Skulls are always a favorite... especially among boys! Why not put a fun patriotic twist on your skull this Fourth of July!?
Products Used in this design:
First, decide if you want your flag to have horizontal or vertical stripes. This will determine which section of the face you want to apply the blue square. If you want the flag's stripes to go horizontally, you will want to place the blue square on the top left corner of the face. If you want the stripes to go vertically, as I have chosen to do in this design, you will place the blue square on the top right corner of the face.
Using a half round sponge and Kryvaline metallic blue, sponge one quarter of the face with blue paint, making sure the edges are sharp and end in the center of the forehead and right at eye.
Using two 1/2 inch flat brushes, one loaded well with Global Red and one with DFX White, make a red stripe down the face beginning at the outer edge of the face. It is helpful to have two 1/2 inch flat brushes for this step so that you can alternate between the red and white and not have to clean the brush between each stripe. Also, if you try to make all the white stripes first and then clean your brush to make all the red stripes, the spacing of the stripes may be off. You're better off having two brushes, one designated for each color, to keep this step quick and make sure your stripes are evenly spaced. Continue alternating between red and white stripes all the way across the face.
Using the BAM Tiny Stars Stencil and a finger sponge dauber or a small sponge for stenciling loaded well with DFX white, I stenciled the stars onto the blue area of the flag. Since this stencil is smaller than the blue area that I needed to cover, I moved the stencil to different areas by carefully lining up the stars and continuing the stenciling until the whole blue area was covered with stars.
Then, using Global strong black and a butterfly sponge, I blackened out the eyes, then went back with a #4 round brush and sharpened the edges of the shape around the eyes, and created the nose.
Using a #4 round brush loaded well with DFX White, I created the teeth by placing the brush on its side onto the lip and pressing. For the upper teeth, I pointed the tip of the brush upward, and for the bottom row of teeth, I pointed the tip of the brush downwards and pressed. Because there was red beneath some of the teeth, I had to go back a couple of times and apply another coat of white paint so the red wouldn't show through. Another way of handling this would have been to wipe away the red on the lip or not paint the red on the lip to begin with.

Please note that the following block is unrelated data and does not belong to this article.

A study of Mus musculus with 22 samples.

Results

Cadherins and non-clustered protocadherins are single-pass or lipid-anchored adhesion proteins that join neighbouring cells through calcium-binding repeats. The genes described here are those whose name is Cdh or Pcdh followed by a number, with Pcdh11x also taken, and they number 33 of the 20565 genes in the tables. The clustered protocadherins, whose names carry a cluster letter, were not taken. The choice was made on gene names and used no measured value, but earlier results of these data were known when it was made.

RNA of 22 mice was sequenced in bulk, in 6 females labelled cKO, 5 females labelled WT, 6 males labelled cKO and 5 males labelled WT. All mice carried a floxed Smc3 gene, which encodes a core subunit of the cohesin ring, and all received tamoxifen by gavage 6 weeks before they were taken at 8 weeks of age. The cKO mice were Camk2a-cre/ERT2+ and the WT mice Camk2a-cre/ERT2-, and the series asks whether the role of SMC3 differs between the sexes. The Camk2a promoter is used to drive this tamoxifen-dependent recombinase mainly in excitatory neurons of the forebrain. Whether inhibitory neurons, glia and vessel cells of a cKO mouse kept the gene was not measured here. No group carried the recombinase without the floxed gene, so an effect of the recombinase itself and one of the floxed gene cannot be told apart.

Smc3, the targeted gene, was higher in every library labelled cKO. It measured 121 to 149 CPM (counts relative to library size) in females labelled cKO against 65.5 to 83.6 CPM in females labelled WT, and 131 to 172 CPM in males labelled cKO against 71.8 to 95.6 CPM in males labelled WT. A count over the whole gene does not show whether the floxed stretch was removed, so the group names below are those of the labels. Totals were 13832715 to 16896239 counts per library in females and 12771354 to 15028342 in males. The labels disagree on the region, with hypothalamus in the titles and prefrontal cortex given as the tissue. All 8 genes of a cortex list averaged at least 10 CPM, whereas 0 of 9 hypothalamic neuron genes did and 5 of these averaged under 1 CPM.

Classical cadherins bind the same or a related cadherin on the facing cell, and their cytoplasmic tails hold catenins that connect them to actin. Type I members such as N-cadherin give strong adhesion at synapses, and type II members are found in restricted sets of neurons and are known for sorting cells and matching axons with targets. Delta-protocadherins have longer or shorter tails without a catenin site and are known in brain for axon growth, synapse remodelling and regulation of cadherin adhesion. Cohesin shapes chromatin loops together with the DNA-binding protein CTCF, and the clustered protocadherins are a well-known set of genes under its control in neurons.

Then, I used Global Strong Black and a #4 round brush to create the black areas below the cheekbone, at the temples, outline the teeth, and frame the whole design.
Continuing with a #4 round brush and Global Strong Black, paint a curved line above each eye for the bony structure of the brow, as well as below each eye and in between the eyebrows curving them up and back towards the temples to give the skull an evil appearance. I also added cracks in various places by making wiggly irregular lines that varied in thickness and break off into different directions.
For the shading, I used black Starblend and a lollipop applicator to add dimension to the forehead, beginning on the outer edges of the forehead above the brows and moving towards the center of the forehead, as well as under the cheekbone to cast a shadow onto the lower jaw. Then switching to a filbert brush I used the Starblend to add shading to the edges of the teeth, as well as between the teeth and leading up above the upper row of teeth and down below the lower row teeth to emulate creases where the teeth protrude from the skull. I also added a bit of shading around the eyes to accentuate the evil-looking eyebrow lines.
Last but not least is the highlighting. With a #4 round brush and DFX white, add white highlights to the edges of the eye sockets, edges of the cheek bones, around the nose, and on the cracks. This gives it a little more dimension and finishes the look.
I hope you'll give this design a try, and if you do, please tag me so that I can see! It is sure to be a big hit at your 4th of July events!
Natalia Malley is the owner and lead artist of Peace Love and Paint LLC in the Washington DC metro area. She has been face painting for about 10 years, has won numerous face painting competitions and has been published in several face and body art magazines including SkinMarkz Magazine, The Colored Palette, QMagazine, FABAIC Magazine and Silly Farm Newsletter.